2008/9 Schools Wikipedia Selection. Related subjects: Business

Interstate 80, the second-longest U.S. Interstate highway, runs from California to New Jersey
Interstate 80, the second-longest U.S. Interstate highway, runs from California to New Jersey

Infrastructure typically refers to the assets that support an economy, such as roading, water supply, wastewater, stormwater, power supply, flood management, recreational and other assets. In the past these assets have typically been owned and managed by local or central government. The investment in these assets is made with the intention that dividends will accrue through increased productivity, improved living conditions and greater prosperity. These various elements may collectively be termed civil infrastructure, municipal infrastructure, or simply public works, although they may be developed and operated as private-sector or government enterprises. A more generic definition of infrastructure is the network of assets "where the system as a whole is intended to be maintained indefinitely at a specified standard of service by the continuing replacement and refurbishment of its components."

Alternative definitions

In other applications, infrastructure may refer to information technology, informal and formal channels of communication, software development tools, political and social networks, or beliefs held by members of particular groups. Still underlying these more general uses is the concept that infrastructure provides organizing structure and support for the system or organization it serves, whether it is a city, a nation, or a corporation. Economically, infrastructure could be seen to be the structural elements of an economy which allow for production of goods and services without themselves being part of the production process, e.g. roads allow the transport of raw materials and finished products.

Typical attributes

Infrastructure assets generally have the following attributes:
• They are large networks constructed over generations which are not often replaced as a whole system
• The system or network has a long and indefinite life because its service capacity is maintained in perpetuity (by continual refurbishment or replacement of components as they wear out).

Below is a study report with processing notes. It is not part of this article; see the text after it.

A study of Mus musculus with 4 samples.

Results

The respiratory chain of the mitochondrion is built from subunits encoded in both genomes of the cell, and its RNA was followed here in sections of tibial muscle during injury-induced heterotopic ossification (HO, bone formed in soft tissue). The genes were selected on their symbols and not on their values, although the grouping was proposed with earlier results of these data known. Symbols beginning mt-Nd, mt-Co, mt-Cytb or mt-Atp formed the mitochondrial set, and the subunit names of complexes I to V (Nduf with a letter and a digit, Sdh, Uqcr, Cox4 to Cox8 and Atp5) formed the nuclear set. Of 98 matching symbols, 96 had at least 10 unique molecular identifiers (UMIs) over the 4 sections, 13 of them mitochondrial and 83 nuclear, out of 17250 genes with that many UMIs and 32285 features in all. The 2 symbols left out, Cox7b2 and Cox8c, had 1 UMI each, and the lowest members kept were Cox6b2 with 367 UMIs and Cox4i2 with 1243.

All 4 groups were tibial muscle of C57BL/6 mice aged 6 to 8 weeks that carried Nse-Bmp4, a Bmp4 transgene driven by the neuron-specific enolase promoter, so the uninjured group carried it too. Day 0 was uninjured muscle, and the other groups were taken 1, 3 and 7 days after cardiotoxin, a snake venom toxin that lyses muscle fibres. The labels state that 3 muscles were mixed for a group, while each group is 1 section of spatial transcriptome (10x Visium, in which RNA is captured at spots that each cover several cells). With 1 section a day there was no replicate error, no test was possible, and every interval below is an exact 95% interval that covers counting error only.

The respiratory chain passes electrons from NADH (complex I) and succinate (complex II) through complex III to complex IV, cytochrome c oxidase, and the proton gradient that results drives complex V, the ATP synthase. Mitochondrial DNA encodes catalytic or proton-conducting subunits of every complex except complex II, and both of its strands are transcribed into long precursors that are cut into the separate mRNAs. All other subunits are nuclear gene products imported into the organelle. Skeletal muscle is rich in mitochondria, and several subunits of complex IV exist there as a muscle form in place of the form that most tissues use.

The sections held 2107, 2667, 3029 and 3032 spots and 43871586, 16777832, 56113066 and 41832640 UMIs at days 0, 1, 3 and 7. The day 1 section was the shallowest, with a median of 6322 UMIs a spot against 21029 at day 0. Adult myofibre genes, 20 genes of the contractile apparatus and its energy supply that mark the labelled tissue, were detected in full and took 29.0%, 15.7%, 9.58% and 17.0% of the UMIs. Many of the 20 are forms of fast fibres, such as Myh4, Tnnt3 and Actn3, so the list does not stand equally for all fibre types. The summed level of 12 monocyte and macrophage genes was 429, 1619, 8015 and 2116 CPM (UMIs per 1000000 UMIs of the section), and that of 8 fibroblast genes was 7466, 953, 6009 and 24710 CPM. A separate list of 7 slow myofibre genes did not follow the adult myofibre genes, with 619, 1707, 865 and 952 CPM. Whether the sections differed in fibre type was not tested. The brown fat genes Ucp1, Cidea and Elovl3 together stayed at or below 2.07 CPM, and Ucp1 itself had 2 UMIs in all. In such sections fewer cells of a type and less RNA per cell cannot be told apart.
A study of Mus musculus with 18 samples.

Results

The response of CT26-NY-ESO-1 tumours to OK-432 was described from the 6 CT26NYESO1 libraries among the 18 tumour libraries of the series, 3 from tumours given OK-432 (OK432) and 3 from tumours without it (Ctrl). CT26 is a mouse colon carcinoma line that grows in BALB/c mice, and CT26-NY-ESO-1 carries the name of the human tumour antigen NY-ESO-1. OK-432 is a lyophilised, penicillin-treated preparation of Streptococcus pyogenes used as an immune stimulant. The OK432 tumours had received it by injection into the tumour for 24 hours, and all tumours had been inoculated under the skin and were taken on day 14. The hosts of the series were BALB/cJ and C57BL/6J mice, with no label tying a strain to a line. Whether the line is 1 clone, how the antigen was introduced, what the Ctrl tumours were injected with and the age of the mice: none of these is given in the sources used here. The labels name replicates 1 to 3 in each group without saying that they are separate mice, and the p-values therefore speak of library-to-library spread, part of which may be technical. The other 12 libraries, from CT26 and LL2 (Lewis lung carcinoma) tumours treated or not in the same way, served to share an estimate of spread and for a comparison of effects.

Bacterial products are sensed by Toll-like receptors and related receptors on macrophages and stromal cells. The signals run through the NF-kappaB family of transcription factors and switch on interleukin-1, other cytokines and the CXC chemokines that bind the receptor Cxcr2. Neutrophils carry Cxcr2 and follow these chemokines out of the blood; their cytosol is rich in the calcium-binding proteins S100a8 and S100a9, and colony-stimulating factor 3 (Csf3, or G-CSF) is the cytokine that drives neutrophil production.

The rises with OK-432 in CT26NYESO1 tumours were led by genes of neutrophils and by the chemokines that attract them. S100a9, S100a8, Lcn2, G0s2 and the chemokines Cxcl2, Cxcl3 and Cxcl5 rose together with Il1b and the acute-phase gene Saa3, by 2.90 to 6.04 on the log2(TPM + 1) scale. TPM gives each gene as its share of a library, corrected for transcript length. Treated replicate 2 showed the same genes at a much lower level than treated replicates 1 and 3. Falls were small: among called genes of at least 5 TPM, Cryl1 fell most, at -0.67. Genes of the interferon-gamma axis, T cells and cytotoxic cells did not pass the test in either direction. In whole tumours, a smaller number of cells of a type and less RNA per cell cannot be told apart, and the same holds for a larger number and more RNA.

• The system components are inderdependent and not usually capable of subdivision or separate disposal, and consequently are not readily disposable within the commercial marketplace.
• The system interdependency may limit a component life to a lesser period than the expected life of the component itself.
• The assets have a high initial cost and a value which is difficult to determine.

An asset can be considered to be part of the infrastructure when it is an integral part of a total system, i.e. if the asset is removed the system is incomplete, or the particular asset is necessary for the system to deliver the required standard of service.

Critical infrastructure

The term "critical infrastructure" has been widely adopted to distinguish those infrastructure elements that, if significantly damaged or destroyed, would cause serious disruption of the dependent system or organization. Storm, flood, or earthquake damage leading to loss of certain transportation routes in a city (for example, bridges crossing a river), could make it impossible for people to evacuate and for emergency services to operate; these routes would be deemed critical infrastructure. Similarly, an on-line reservations system might be critical infrastructure for an airline.


According to etymology online , the word infrastructure has been around since 1927 and meant: The installations that form the basis for any operation or system. Originally in a military sense. The word is a combination of "infra", meaning "below" and "structure".

The term came to prominence in the United States in the 1980s following the publication of America in Ruins (Choate and Walter, 1981), which initiated a public-policy discussion of the nation’s "infrastructure crisis", purported to be caused by decades of inadequate investment and poor maintenance of public works.

That public-policy discussion was hampered by lack of a precise definition for infrastructure. The U.S. National Research Council committee cited Senator Stafford, who commented at hearings before the Subcommittee on Water Resources, Transportation, and Infrastructure; Committee on Environment and Public Works; that "probably the word infrastructure means different things to different people." The NRC panel then sought to rectify the situation by adopting the term "public works infrastructure", referring to "...both specific functional modes - highways, streets, roads, and bridges; mass transit; airports and airways; water supply and water resources; wastewater management; solid-waste treatment and disposal; electric power generation and transmission; telecommunications; and hazardous waste management - and the combined system these modal elements comprise.

A comprehension of infrastructure spans not only these public works facilities, but also the operating procedures, management practices, and development policies that interact together with societal demand and the physical world to facilitate the transport of people and goods, provision of water for drinking and a variety of other uses, safe disposal of society's waste products, provision of energy where it is needed, and transmission of information within and between communities." In subsequent years the word has grown in popularity and been applied with increasing generality to suggest the internal framework discernible in any technology system or business organization.